Grand Theft Auto 2 Review

While all the fun of going on a crime spree is intact, so are most of the previous game's flaws.

Everyone's favorite carjacking simulation is back to remind you why you should lock your doors in traffic. Grand Theft Auto 2 delivers in all the same areas as its predecessors, while fixing a couple of the annoying little problems and adding a touch of depth in the process. But Grand Theft Auto 2 is largely the same as the original top-down driving action game and its mission pack, London 1969. So while all the fun of going on a crime spree is intact, so are most of the previous games' flaws.

There's a bit of story to go along with Grand Theft Auto 2, but it really makes no difference: As a budding young criminal, you are striving to make a name for yourself in a near-future world filled with drugs, guns, and turf wars. Each of the game's three levels is populated by three different gangs, each of which runs a section of the city. The gangs are roughly identical - only different colors and different gang vehicles separate them. Each gang has a set of pay phones, which you can answer to take on odd jobs, as in the first game.

The catch is that a gang will only assign work to you if it respects you, so you have to earn that respect by driving over to a rival gang's turf and shooting up as many of their members as you can. Once you've smoked enough gangbangers (a set of meters lets you know where you stand with all three of the city's gangs), you can start taking jobs - just don't expect to be able to head back into rival gangland without having a few shots fired your way. Thankfully, you've got a health meter this time around, so you can withstand some damage before going down.

The mission design is similar to the original game. You'll be making deliveries, picking up bank robbers, blowing up buildings with car bombs, and other unsavory tasks. Since each gang has a different set of missions, you'll have to eventually ally yourself with all of the gangs if you want to try all the missions. And since you need an enormous number of points to finish a level, you'll have to at least attempt most if not all of a level's missions to succeed.

The difficulty of the missions can be a little frustrating, but the game isn't all about missions. There's plenty of fun to be had by just kickin' it freestyle out in the streets, stealing cars at random, shooting up crowds of innocent bystanders, and duking it out with the police. The cops are a bit smarter than they used to be, and they've got a larger arsenal, too. It's tougher to lose the pigs than it was before, and they'll do everything they can to cut you off on the road and get you off the streets. Even if you manage to kill a few cops and keep running, a SWAT van full of armored troops will be dispatched to handle the situation. Later levels have even more drastic types of armed response, ranging from feds to tanks.

To combat the boys in blue, you'll have to find weapons, which are conveniently scattered throughout the city. Conventional weaponry includes a pistol, dual pistols (that inexplicably require different ammo than your standard pistol), a silenced machine gun, an unsilenced machine gun (again, different ammo for each), and a shotgun. You can also score heavier items, like grenades, rocket launchers, flamethrowers, Molotov cocktails, and a taser-type gun that lets you zap people from quite a distance. In addition, you can mount things like machine guns, mines, car bombs, and oil slicks on most of the game's vehicles, but since you actually have to pay for car upgrades, and cars get destroyed so easily, most of the upgrades aren't really cost-effective.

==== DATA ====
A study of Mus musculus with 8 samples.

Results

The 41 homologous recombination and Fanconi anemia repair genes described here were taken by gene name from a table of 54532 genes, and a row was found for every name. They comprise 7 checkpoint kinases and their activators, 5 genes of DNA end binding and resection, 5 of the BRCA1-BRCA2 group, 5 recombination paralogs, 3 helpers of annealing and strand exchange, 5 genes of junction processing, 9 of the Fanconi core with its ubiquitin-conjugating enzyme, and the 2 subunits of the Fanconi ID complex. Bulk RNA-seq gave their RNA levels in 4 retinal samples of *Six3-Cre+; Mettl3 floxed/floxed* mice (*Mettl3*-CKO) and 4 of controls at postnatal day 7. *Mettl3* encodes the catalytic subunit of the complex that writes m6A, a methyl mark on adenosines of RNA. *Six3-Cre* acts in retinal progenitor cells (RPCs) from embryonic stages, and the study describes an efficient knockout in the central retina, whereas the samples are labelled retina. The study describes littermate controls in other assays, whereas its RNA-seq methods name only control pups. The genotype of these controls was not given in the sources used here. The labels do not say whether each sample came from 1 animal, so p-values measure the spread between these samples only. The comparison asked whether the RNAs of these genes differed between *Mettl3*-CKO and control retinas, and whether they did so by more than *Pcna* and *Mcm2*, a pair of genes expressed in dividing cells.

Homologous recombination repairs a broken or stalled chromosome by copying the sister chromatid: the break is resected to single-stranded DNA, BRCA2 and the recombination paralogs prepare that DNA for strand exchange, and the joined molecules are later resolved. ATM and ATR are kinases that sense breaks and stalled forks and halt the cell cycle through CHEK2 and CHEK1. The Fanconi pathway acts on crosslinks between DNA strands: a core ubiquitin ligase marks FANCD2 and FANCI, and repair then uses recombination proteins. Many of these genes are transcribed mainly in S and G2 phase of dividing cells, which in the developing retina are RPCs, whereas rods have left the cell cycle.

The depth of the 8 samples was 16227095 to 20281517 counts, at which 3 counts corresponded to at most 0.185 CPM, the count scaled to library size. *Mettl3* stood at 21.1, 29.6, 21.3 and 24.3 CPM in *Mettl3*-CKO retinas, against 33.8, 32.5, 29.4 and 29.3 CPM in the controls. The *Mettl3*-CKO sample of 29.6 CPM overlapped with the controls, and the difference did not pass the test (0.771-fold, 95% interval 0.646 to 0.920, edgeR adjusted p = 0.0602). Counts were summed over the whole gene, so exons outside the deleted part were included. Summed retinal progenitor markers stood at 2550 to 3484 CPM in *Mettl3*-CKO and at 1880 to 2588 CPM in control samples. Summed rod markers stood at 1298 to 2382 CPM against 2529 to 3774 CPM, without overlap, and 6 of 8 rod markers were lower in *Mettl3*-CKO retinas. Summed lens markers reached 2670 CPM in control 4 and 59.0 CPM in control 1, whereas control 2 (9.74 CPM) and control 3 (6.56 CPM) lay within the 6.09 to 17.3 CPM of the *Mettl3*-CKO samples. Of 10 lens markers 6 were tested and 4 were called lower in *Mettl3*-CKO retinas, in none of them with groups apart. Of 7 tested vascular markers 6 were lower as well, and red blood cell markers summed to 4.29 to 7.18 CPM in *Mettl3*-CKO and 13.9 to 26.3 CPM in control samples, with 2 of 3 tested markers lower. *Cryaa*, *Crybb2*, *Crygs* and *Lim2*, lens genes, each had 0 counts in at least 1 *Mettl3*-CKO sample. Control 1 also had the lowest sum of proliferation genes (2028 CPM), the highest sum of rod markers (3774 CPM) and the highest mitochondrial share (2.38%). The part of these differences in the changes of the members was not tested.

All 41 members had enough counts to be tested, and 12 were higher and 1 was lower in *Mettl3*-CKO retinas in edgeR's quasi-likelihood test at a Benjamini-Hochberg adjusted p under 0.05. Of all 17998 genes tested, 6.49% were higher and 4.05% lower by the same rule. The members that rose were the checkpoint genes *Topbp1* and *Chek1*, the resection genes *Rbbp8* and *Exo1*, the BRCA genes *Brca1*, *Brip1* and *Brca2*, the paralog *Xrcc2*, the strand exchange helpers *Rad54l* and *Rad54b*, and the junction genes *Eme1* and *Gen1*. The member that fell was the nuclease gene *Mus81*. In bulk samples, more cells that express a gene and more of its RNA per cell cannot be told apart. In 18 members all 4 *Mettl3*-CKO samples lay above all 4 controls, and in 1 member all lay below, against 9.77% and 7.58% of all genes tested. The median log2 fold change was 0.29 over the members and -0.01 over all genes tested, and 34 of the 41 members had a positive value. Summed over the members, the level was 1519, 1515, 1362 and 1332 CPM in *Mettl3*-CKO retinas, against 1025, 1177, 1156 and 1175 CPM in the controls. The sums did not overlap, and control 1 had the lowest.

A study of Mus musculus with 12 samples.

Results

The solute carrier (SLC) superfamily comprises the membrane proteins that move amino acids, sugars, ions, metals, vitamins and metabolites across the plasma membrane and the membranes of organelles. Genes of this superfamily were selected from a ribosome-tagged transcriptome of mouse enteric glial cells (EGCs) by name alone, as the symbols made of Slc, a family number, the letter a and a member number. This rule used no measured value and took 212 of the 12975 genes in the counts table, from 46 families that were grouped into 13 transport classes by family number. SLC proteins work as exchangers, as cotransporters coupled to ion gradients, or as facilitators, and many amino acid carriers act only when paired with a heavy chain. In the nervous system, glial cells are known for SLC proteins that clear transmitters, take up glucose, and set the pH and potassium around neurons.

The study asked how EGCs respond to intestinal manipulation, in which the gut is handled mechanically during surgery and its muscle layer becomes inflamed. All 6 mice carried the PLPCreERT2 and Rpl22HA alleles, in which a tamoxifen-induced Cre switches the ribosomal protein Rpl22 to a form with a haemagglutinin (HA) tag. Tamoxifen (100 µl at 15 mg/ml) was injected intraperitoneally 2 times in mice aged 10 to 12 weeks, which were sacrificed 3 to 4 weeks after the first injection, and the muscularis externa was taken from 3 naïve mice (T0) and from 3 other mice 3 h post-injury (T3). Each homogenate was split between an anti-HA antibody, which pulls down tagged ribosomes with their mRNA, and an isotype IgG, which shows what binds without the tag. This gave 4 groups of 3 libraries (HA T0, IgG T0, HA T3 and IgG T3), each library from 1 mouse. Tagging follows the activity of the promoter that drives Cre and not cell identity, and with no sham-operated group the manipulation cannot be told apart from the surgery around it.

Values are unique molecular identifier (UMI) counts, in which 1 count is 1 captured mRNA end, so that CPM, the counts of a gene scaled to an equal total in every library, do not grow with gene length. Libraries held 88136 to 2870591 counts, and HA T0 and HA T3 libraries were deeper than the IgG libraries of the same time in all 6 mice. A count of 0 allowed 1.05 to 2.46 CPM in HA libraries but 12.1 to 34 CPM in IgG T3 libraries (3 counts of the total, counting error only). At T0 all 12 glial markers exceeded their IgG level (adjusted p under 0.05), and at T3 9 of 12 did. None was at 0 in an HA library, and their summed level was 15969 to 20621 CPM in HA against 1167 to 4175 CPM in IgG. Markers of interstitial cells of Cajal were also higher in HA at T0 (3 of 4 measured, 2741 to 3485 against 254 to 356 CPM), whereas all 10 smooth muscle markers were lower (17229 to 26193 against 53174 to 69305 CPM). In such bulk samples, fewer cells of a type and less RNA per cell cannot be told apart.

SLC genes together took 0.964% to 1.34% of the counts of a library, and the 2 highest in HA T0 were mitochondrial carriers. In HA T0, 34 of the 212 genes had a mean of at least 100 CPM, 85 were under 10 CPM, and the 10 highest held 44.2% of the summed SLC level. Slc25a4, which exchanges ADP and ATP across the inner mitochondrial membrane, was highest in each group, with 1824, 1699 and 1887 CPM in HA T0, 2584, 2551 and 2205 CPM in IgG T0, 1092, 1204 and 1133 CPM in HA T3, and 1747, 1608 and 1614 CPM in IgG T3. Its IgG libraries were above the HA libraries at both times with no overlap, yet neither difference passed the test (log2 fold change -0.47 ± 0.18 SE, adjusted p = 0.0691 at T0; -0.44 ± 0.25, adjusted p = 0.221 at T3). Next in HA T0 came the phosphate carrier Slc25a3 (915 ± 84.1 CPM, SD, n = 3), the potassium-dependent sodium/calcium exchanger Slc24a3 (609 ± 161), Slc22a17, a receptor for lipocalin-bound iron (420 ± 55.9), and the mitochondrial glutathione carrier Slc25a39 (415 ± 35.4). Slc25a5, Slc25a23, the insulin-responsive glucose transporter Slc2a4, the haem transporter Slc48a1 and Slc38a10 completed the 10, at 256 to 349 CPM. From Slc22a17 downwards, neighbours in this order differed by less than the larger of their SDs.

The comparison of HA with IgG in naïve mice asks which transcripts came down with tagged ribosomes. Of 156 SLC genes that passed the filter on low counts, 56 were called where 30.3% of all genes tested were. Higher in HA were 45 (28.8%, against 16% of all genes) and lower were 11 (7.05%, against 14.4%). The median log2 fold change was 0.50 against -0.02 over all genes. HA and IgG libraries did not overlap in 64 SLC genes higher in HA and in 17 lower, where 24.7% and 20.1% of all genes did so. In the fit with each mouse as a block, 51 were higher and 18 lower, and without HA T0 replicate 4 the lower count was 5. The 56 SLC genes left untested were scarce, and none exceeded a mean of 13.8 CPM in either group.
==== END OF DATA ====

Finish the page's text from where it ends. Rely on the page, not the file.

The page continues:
The game's graphics have been overhauled, most notably in that Grand Theft Auto 2 uses a great deal of colored lighting, which makes the police cars look good. The camera isn't quite as jerky as it used to be either. Though most of the graphics are smooth, there are a few really obvious problems. The worst of these is when pedestrians fly up toward the screen after being hit with a heavy weapon. The little guys look absolutely horrible up close. Also, the near-future car design may disappoint people who preferred stealing the more contemporary cars of the original.

The soundtrack follows the same format of other Grand Theft Auto games, and delivers a good mix of techno music and radio chatter. With the exception of the yapping noise that accompanies mission briefings, the sound effects are quite nice and also make fairly good use of 3D audio.

The game lets up to six players compete on multiplayer-specific maps. You can play tag or play to a certain number of kills or points. You can also play with or without cops on the multiplayer maps. It would have been nice to see some innovation in the modes, like maybe a cops-and-robbers mode or even a capture-the-flag mode. Unfortunately, the network code apparently isn't very good anyway, because play is usually sluggish even over a LAN.

Whether or not you'll enjoy Grand Theft Auto 2 depends on a couple factors. If you're easily offended by the concept of running around and committing wanton acts of destruction with a few simple button presses, this game isn't for you. If the first game's control scheme baffled you, there's no solace to be found here either. Though the game manages to be quite a bit of fun, it occasionally still feels like a glorified mission pack.

The Good

  • N/A

The Bad

About the Author

Jeff Gerstmann has been professionally covering the video game industry since 1994.